The last few months have been marked by upheaval, isolation and a departure from normal routines for many of us.

An online exhibit curated by the University of Wyoming Art Museum explores those feelings through works created by students and faculty at the UW College of Law.

“Dispatches from Exile” features 30 works by 13 law students and faculty, expressing their experiences since the beginning of the COVID-19 pandemic in March. The exhibit will be on display through Dec. 23 at

Ryan Sedgeley, now a third-year law student, had been considering the idea of a law student art exhibition for several years, ever since he first met his colleagues and discovered that many of them, like him, had artistic talents that complemented their legal aspirations.

“Law school can be a pretty logical and not-very-artistic place,” he said.

In March, after UW closed its campus and moved classes online, Sedgeley thought a group exhibition might be a way for students to maintain their community despite their geographical separation.

Sedgeley moved to northwest Wyoming after campus closed last spring and is set to finish his law degree along with a master’s degree in environment and natural resources next semester.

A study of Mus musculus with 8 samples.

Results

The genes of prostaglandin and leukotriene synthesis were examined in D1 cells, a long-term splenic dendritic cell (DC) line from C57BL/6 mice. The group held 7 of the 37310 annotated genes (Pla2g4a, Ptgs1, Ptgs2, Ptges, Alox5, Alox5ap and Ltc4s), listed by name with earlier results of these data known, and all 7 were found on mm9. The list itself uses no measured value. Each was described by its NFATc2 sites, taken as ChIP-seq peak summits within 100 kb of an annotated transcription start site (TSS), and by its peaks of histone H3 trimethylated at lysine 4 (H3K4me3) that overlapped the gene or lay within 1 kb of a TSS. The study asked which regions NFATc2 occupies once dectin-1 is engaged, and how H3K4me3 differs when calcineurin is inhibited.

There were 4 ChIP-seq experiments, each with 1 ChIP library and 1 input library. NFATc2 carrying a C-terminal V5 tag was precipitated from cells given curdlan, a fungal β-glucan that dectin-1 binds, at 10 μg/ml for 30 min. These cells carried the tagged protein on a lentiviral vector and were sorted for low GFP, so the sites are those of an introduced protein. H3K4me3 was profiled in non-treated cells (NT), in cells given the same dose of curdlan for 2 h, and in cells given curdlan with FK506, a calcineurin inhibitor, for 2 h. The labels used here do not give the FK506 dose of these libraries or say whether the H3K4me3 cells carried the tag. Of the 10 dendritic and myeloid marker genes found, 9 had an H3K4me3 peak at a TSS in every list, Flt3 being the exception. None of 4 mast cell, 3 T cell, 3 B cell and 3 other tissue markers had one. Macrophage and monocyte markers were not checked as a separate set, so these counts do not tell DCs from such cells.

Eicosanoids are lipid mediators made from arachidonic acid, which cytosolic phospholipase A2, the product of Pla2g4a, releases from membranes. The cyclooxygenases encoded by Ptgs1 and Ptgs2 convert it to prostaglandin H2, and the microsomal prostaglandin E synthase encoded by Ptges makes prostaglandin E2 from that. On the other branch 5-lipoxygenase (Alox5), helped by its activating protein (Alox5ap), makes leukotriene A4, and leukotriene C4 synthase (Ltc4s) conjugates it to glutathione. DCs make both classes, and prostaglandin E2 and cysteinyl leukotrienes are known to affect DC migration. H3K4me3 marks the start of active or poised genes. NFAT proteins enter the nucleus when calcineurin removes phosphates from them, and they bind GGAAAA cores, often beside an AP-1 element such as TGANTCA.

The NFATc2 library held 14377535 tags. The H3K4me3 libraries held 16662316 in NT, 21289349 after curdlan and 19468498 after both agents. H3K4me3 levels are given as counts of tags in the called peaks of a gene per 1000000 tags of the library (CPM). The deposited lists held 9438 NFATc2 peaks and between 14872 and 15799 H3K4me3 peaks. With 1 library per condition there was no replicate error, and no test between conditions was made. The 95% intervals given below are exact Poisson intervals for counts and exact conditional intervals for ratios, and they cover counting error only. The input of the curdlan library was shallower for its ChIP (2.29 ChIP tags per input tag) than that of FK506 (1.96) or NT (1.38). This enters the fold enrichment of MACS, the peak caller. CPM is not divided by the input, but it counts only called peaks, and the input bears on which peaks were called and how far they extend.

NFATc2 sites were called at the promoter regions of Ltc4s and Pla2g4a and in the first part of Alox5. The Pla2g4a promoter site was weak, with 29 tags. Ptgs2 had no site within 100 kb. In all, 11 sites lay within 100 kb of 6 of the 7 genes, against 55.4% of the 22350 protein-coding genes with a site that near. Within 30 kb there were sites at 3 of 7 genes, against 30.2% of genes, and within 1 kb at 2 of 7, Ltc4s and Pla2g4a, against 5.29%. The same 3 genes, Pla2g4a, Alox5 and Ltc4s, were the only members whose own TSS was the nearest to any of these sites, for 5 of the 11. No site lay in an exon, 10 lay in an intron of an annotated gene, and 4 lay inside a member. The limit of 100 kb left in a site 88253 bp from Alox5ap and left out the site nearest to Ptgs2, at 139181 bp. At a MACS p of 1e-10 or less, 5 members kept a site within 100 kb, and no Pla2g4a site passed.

“We all got spun off into different parts of the country and the world, and we were suddenly ripped from our community,” he said. “I thought art would be a good way to reconnect us all.”

He connected with Michelle Sunset, an assistant curator at the art museum, who agreed to curate the show, and then put out a call for submissions to students, faculty and alumni. Twelve students and one faculty member contributed photographs, paintings, mixed media pieces, poetry and more.

Their works celebrate the role of public lands during the pandemic, contemplate feelings of isolation and loneliness and express frustration at current events.

“It was a wonderful, beautiful window into my classmates’ lives and what they were thinking and feeling,” Sedgeley said. “I really appreciated that.”

Sunset said the exhibit reflected the full range of experiences and emotions of the pandemic months.

“This collection of art work together really encapsulates spring, summer, fall 2020,” she said.

The art museum was eager to put together its first totally virtual exhibit, as its own closure in the spring forced the staff to reconsider how it would connect with the public.

“I loved the idea of creating an exhibition that was meant to be entirely virtual,” Sunset said. “The fact that it explores these ideas of separation in itself felt like really rich content.”

At the same time, the exhibit fostered new connections between the College of Law and the museum.

“To get to work with the College of Law — a new population for me — was really exciting,” she said.